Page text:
First Graduates of the Online Master's Programme ‘Economic Analysis’ Defend Their Theses
The cost of apartments in Vladivostok, the volatility of cryptocurrencies, the consumption of ferrous metals in different countries, the communications of the National Bank of Kazakhstan, the results of state motherhood support measures — these and many other diverse issues were covered in theses by ‘Economic Analysis’ graduates, which they defended in mid-June.
28 graduates successfully completed the online programme ‘Economic Analysis’, with four of them graduating with distinction. Their interests and, as a result, research issues for theses turned out to be extremely wide-ranging. Students searched for ways to increase customer conversion in a mobile application, studied the correlation between the application of financial repression measures and the amount of the country's public debt, assessed the attitude to the Bank of Russia on the data of social networks and Telegram channels, analysed the impact of the coronavirus pandemic on the digitalisation of Russia and European countries, and proved that ESG strategies affect the market capitalisation of metallurgical companies. Many studies required programming skills, big data analysis and working with machine learning algorithms.
Several of the works were co-authored. For example, Ilya Tishchenko and Yulia Egorova studied issues affecting green energy development. They analysed how various factors, including GDP, energy security, and environmental policy, affect the development of green energy in countries around the world. This thesis received a maximum of 10 points (and the students graduated with distinction) and was recommended for publication in an international academic journal.
Elena Vakulenko, the students’ academic supervisor and Professor of HSE Department of Applied Economics
‘Thoughtful and full content in all sections, starting from the introductory part and the problem statement, describing the research framework, is a distinctive feature of this work. The authors thoroughly reviewed the literature in all areas of research, described the theoretical model in detail, and concluded the research with a sophisticated empirical part testing all the necessary prerequisites of the models, checking robustness of the chosen method, and carefully considered the results.’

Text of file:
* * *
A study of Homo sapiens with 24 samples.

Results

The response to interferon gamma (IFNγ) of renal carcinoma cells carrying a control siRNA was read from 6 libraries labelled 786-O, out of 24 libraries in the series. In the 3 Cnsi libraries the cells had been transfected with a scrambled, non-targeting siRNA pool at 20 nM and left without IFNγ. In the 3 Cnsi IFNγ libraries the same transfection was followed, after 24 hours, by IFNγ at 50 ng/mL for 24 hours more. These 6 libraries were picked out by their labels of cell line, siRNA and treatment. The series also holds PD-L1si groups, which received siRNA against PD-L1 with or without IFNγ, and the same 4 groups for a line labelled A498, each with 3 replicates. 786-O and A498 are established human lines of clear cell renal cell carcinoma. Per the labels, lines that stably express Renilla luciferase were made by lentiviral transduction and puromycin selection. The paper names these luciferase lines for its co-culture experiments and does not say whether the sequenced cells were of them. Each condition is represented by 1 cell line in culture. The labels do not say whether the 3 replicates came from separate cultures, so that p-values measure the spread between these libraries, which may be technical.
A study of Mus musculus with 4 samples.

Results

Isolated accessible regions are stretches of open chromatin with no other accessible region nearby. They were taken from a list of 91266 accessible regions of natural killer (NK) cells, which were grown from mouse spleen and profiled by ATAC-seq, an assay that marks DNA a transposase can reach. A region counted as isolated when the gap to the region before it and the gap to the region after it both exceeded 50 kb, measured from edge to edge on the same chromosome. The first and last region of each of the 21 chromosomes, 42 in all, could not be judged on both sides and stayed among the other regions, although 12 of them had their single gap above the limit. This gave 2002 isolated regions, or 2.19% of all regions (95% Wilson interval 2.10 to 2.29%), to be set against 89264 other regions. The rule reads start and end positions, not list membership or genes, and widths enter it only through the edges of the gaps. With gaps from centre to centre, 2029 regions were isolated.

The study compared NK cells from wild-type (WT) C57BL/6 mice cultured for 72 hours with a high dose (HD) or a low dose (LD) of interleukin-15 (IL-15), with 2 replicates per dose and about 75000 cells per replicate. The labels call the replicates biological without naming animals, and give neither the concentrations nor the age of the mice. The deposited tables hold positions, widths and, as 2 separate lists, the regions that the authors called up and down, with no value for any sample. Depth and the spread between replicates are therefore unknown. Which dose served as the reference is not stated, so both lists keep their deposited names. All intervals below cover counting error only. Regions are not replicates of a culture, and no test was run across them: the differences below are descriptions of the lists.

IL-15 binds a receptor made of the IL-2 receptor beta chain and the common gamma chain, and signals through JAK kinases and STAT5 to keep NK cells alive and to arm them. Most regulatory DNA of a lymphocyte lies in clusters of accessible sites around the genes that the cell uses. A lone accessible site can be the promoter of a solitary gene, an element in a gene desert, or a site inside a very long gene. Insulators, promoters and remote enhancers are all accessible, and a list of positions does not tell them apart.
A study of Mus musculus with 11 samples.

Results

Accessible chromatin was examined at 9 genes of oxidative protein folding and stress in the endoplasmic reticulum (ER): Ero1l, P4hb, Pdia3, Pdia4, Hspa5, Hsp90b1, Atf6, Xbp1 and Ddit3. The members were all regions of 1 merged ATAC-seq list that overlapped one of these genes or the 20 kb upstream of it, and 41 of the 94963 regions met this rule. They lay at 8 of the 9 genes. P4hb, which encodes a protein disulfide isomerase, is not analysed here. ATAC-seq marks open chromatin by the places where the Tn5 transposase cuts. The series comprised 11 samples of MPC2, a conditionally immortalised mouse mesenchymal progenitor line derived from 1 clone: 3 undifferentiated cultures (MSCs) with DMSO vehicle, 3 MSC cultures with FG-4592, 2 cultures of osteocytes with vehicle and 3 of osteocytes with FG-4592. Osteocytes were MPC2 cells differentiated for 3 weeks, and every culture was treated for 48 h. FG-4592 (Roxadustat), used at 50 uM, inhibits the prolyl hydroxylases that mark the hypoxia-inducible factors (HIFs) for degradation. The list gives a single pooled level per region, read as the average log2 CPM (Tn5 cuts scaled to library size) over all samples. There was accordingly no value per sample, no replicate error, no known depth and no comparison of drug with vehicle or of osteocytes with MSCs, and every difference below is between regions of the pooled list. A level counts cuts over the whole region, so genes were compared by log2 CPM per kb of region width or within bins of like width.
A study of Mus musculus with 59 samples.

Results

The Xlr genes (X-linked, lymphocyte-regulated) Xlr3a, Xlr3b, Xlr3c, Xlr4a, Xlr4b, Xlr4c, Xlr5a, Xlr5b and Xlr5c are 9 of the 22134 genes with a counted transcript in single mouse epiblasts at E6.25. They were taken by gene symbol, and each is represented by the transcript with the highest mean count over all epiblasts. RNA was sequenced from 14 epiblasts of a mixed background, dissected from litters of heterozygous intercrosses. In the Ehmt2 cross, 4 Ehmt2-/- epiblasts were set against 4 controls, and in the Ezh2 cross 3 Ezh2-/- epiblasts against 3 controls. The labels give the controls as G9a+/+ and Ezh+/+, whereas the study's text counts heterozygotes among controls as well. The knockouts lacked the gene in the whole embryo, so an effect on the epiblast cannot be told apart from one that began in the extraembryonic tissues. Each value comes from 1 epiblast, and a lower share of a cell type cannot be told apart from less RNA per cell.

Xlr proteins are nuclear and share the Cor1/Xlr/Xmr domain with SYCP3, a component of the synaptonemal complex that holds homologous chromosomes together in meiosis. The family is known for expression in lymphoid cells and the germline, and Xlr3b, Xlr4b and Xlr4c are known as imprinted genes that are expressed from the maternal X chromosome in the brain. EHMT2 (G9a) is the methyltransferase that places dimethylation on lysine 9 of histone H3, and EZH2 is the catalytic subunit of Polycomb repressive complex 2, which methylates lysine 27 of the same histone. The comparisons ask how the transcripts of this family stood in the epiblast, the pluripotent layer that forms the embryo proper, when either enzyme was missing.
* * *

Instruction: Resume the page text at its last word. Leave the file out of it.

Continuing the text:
Another joint work, by Lidia Velichko and Valeria Detkina, was dedicated to the analysis of long-term trends in the consumption of ferrous metals in the economies of countries with different levels of development. The work was supervised by Boris Kuznetsov, Professor at HSE Department of Applied Economics, and devoted to the study of the factors determining steel consumption and the nature of their influence. Metal consumption is growing worldwide, but the correlation between steel consumption and GDP growth is non-linear. The students studied this feature and tried to explain it.
Svetlana Avdasheva, Head of the ‘Companies, Markets, and Public Sector’ programme track
‘The work of Lidia Velichko and Valeria Detkina is a vivid example of the way the outlook of professional economists is required to solve applied problems. They need to know about the sources of growth in countries in the modern world — in which of them growth is based on industrialisation (or reindustrialisation), and in which of them post-industrial industries induce the growth. They need adequate data sources that allow them to formulate and test interesting hypotheses. Finally, they need to master statistical and econometric analysis, allowing them to test alternative hypotheses and verify the stability of the discovered patterns. And then the results obtained allows them not only to describe how the demand for ferrous metals was formed in the past, but also to predict how it will change in the future under different scenarios of country development.’
Inflation and Market Basket
In his thesis Egor Fomin studied the relationship between inflation expectations and the prices of marker goods. To conduct the research, he developed a program that iterates through multiple sets of consumer baskets and compiles synthetic baskets-indexes of marker goods. The author tried to identify the groups of goods whose price changes most strongly affect inflation expectations. These included both durable goods, such as cars and furniture, and daily demand — food and gasoline.
Vadim Grishchenko, the work supervisor, Senior Lecturer at the Joint Department with the Bank of Russia
‘In addition to the relevance of the chosen topic for the implementation of monetary policy, this work highlights the uniqueness of the research (no similar work has been published in Russia before) and the high level of computational complexity. Egor independently developed a programme for automatic sorting and evaluation, during which tens of millions of model specifications are compared with each other.’
‘Economic Analysis’ is the first Russian-language online master's programme in economics. Students gain fundamental knowledge about the methods of market analysis, working on real cases during their studies. Students can choose one of three tracks: ‘Macroeconomics", ‘Companies, markets and the public sector’, or ‘Instrumental methods in economics’. Applicants are required to have good knowledge of mathematics and a willingness to develop in the field of data science.